The discovery of genetically differentiated groups of populations within species raises the question of how inﬂuential genetic isolation has been in generating phenotypic diversity. Since morphological traits are products of both genetics and the environment (see e.g. Schluter, 2000) it is relevant, from an evolutionary perspective, to determine whether morphological variation reﬂects historical isolation or local adaptation despite recurrent gene ﬂow. Todistinguish between these non-exclusive hypotheses it is important to study a variety of traits. Differentiation arising from historical isolation of populations (i.e. with the stochastic effects of mutation and drift acting independently in isolated populations) will likely generate parallel patterns across characters of different nature, e.g. genetics and morphology, whereas adaptation across environmental selection gradients will not, or not necessarily so. Organismal constraints involving plasticity and autopoiesis may however cause morphological stasis despite considerable levels of genetic and environmental change through evolutionary time, such as in Plethodontid salamanders (Wake et al., 1983; see also Larson, 1984. In the case of cryptic closely related lineages one way of testing hypotheses on the extent and nature of phenotypic diversity has been the multivariate statistical analysis of morphometric data (e.g. Good and Wake, 1992; Arntzen and Sket, 1997; Puorto et al., 2001).
The golden-striped salamander, Chioglossa lusitanica Bocage 1864, is a streamside species inhabiting low and medium elevation mountainous areas in the northwest of the Iberian Peninsula (Fig. 1).
Alexandrino et al. (1997, 2000, 2002) analyzed allozyme and mitochondrial DNA variation and uncovered two genetically distinct groups of populations geographically separated by the river Mondego in central Portugal (group 1 south of the river and group 2 north of the river). The two groups represent lineages that separated in the early Pleistocene, probably as a result of climate change in combination with local environmental conditions and formed a secondary contact zone in postglacial times (Sequeira et al., 2005). The northern part of the present range was colonized from a refugium located in between the Mondego and the Douro. Major rivers such as the Douro and, more to the north, the Minho acted as barriers to dispersal, lowering genetic diversity through sequential bottlenecking (Alexandrino et al., 2000).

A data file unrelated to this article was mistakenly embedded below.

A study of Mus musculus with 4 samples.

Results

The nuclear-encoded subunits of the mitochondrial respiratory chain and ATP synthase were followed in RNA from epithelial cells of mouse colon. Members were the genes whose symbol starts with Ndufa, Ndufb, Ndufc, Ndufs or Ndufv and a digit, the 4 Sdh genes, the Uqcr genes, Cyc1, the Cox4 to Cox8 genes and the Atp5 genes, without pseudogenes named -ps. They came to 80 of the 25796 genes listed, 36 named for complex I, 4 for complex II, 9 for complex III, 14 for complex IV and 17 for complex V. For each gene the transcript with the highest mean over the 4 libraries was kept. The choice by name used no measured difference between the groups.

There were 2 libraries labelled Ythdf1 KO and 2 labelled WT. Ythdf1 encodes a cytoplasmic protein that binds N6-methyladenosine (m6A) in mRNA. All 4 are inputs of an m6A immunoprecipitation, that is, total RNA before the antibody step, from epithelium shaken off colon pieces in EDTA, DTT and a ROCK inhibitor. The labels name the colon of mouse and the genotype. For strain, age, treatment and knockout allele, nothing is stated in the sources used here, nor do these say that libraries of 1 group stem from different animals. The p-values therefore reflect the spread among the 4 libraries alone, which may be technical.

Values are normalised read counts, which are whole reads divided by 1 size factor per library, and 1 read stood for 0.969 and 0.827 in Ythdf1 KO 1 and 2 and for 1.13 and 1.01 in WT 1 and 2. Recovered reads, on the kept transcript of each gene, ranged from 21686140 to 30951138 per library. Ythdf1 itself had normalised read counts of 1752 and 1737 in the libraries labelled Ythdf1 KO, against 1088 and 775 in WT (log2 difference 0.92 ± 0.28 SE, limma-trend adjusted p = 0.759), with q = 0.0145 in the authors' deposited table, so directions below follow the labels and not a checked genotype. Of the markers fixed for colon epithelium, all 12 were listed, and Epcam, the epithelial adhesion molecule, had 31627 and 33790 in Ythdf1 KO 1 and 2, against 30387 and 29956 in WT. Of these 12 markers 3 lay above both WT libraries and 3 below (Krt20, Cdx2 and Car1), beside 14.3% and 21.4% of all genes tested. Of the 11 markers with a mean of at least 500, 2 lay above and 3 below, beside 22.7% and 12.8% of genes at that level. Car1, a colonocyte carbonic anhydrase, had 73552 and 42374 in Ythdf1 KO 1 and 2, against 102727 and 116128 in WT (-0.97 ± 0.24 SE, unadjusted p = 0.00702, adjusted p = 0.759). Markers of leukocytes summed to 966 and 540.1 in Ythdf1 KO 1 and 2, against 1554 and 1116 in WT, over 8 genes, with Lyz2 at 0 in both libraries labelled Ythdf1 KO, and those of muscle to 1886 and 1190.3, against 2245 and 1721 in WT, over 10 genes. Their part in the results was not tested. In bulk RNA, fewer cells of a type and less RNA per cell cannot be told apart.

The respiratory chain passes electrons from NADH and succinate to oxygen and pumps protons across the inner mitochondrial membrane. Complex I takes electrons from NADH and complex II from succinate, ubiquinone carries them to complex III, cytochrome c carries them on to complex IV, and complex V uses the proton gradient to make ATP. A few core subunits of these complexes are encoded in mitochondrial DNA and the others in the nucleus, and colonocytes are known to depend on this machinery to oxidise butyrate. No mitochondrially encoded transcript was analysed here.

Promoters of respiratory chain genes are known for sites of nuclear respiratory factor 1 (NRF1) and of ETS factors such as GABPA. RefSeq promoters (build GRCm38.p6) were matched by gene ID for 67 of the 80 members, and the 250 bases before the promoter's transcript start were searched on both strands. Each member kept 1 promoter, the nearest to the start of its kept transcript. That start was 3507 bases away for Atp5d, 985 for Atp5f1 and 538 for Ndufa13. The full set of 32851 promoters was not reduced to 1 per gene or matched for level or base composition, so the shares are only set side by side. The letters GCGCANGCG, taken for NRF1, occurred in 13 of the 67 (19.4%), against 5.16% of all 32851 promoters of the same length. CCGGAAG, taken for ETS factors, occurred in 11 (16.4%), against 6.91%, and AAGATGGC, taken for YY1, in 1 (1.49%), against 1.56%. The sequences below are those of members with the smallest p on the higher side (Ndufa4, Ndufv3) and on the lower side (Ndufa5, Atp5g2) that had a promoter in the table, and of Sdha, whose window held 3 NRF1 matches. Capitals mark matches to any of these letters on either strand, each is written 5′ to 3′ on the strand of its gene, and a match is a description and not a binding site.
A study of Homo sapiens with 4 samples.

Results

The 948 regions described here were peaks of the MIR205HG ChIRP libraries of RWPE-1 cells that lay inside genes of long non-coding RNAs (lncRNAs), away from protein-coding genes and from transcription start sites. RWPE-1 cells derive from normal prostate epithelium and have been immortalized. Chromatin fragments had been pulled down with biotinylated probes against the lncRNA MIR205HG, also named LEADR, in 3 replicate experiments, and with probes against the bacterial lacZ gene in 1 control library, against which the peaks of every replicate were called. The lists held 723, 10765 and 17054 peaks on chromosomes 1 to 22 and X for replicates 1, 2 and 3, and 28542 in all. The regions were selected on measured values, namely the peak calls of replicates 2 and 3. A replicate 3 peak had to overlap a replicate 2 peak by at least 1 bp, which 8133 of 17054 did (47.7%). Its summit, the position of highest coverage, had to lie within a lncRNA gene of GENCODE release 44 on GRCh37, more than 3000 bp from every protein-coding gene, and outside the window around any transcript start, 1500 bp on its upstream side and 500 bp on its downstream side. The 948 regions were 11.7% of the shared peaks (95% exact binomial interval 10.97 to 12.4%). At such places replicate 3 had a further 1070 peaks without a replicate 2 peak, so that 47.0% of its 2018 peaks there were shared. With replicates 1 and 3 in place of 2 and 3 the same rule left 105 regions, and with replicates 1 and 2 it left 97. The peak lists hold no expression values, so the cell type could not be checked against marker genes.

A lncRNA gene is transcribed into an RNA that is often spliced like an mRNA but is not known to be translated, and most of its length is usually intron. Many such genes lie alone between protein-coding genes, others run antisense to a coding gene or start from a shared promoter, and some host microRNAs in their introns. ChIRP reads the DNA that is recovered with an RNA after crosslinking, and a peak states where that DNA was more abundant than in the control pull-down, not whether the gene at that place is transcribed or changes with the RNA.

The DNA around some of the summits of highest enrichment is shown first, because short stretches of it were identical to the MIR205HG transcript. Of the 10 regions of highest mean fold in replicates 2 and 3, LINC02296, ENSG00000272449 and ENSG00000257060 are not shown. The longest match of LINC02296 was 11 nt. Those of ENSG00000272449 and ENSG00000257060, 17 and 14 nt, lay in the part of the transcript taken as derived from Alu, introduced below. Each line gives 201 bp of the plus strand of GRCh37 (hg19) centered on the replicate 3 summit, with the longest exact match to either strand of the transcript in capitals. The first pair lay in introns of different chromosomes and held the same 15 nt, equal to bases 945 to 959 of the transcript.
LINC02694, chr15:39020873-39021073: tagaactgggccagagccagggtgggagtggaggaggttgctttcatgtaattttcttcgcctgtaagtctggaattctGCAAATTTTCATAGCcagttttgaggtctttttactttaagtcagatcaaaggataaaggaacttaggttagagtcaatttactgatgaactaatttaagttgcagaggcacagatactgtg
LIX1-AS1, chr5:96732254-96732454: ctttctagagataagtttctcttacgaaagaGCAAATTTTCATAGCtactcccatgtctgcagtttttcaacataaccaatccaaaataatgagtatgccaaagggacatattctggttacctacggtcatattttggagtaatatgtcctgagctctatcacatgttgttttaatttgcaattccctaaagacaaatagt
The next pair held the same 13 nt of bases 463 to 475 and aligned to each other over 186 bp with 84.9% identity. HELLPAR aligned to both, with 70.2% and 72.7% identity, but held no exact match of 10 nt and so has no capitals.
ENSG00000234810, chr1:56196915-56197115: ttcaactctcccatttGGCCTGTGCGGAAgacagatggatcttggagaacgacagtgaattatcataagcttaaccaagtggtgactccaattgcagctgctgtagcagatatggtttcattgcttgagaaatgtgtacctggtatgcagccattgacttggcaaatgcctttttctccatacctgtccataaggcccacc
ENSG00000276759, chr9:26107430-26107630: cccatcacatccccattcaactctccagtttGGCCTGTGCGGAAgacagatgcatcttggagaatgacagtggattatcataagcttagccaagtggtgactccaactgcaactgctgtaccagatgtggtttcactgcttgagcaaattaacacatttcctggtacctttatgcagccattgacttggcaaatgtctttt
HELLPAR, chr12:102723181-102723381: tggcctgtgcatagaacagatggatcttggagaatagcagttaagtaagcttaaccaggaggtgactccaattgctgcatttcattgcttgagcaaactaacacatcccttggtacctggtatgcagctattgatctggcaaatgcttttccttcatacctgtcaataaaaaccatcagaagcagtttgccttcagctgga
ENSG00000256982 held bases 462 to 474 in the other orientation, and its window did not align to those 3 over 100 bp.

Morphological variation in C. lusitanica was ﬁrst observed by Vences (1990), but with only three populations studied in Portugal, robust spatial patterns could not be discerned. We here describe morphological variation within C. lusitanica to investigate if i) the diversiﬁcation of C. lusitanica in two population groups and ii) the decrease of genetic diversity in recently colonized areas, have been paralleled by morphological variation. If genetic drift has been underlying morphological evolution we expect concordance between genetic and morphological patterns of variation. Conversely, non-concordance between genetics and morphology is expected if directional selection and epistasis have been major sources of morphological variation (see Reed and Frankham, 2001). We speciﬁcally test morphometric and colouration pattern variation across the species’ range against the causal hypotheses of i) vicariance of groups 1 and 2 and ii) isolation by distance. Latitudinal increase/decrease in morphological trait diversity is examined against causal hypothesis of i) genetic heterozygosity ii) hybrid origin of populations and iii) geographic distance between populations.